Apps vs mobile web and marketing to millennials

Two years ago, Prof Sunil Gupta of Harvard Business School wrote on our blog about the evolution of mobile marketing, and the different ways consumers used apps and mobile web.

He wrote that: "behind the headline shift in media consumption sits a less expected trend away from aimless internet browsing of the kind that advertisers love, towards 'doing' things, 86% of smartphone owners' time is spent using apps, only 14% browsing the web."

Since then, the trend away from the web to apps has only continued , and for those that get it right, there is a huge and immediate revenue opportunity: compared to mobile web, spend on apps is 20x greater, conversion 300%, and AOV 140% higher.

And the largest audience for these apps is millennials. They spend more time online than any other demographic - reportedly 7.43 hours per day. And they spend most of their time in apps rather than on the mobile web one survey found that for every 19mins they spent in Safari, millennials spend 1.9 hours in apps.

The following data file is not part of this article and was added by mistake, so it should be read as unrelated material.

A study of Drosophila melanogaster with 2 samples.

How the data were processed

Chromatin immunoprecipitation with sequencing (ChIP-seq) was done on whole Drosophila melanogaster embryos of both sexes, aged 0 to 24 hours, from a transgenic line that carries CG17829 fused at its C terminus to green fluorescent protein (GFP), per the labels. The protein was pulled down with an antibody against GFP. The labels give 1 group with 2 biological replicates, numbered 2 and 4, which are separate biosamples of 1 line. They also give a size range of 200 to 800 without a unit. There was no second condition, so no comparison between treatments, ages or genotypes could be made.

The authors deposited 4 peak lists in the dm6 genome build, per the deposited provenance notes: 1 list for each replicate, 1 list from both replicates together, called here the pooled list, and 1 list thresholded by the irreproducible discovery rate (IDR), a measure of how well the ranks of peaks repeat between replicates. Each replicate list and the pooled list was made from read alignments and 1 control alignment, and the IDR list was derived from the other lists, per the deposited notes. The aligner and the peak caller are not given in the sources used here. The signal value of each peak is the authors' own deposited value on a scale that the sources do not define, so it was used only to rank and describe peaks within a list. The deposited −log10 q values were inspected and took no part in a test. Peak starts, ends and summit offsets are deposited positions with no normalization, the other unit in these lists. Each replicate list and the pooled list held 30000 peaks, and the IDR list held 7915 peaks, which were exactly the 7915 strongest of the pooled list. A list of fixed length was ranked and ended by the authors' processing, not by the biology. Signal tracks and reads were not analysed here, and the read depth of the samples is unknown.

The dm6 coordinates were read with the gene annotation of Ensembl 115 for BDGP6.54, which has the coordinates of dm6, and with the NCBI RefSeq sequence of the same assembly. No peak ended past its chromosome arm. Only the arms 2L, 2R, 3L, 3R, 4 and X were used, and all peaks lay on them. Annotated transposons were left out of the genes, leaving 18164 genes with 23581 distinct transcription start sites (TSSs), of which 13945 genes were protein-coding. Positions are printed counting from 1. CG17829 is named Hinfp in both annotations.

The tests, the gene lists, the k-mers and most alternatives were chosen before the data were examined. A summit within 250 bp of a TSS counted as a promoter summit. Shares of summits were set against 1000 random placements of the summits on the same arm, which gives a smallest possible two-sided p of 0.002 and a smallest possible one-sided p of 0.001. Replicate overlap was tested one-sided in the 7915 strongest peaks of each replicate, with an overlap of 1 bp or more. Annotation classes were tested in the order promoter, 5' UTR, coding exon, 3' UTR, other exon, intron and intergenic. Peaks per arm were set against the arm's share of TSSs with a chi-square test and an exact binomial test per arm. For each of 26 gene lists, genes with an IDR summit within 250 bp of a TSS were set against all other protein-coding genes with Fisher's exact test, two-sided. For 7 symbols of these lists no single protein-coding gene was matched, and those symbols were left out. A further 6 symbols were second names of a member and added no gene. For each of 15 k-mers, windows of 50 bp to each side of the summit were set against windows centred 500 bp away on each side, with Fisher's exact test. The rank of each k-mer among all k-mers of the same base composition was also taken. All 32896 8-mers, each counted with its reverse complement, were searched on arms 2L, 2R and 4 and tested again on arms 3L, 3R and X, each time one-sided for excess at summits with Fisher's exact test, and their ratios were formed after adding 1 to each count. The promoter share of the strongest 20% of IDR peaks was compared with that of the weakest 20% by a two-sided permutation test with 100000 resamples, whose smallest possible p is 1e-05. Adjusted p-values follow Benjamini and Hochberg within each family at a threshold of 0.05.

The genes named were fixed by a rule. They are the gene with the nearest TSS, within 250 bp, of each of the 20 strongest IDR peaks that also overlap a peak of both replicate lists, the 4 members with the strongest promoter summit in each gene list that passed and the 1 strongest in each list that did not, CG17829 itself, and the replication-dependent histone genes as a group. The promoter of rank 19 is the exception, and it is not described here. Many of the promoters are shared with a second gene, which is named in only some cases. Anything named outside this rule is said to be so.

Monetising Millennials

Of millennials, 35% say they will make a purchase on mobile today. Another 35% want to purchase on mobile, but think it's too hard. They value exceptional user experience, but only notice it when it's absent , they take it for granted otherwise.

So how do you access them? You have to combine two nuggets of truth buried in the stereotype of lazy, ungrateful, sensitive, entitled and attention seeking millennials. The first is that they are permanently attached to their phones, and this is therefore the best way to reach them. But reach them with what?
How to target Millennial audiences

While to older generations they all seem to be, think and act the same, millennials consider themselves independent thinkers. They trust each other much more than any established sources of authority, and they trust recommendations more than any other channel, according to Nielsen.

Producing engaging and shareable content is the way to combine the attachment to the phone with the trust of peers and the suspicion of others.

And for those who get it right, there is an estimated US$8tn revenue opportunity waiting to be captured.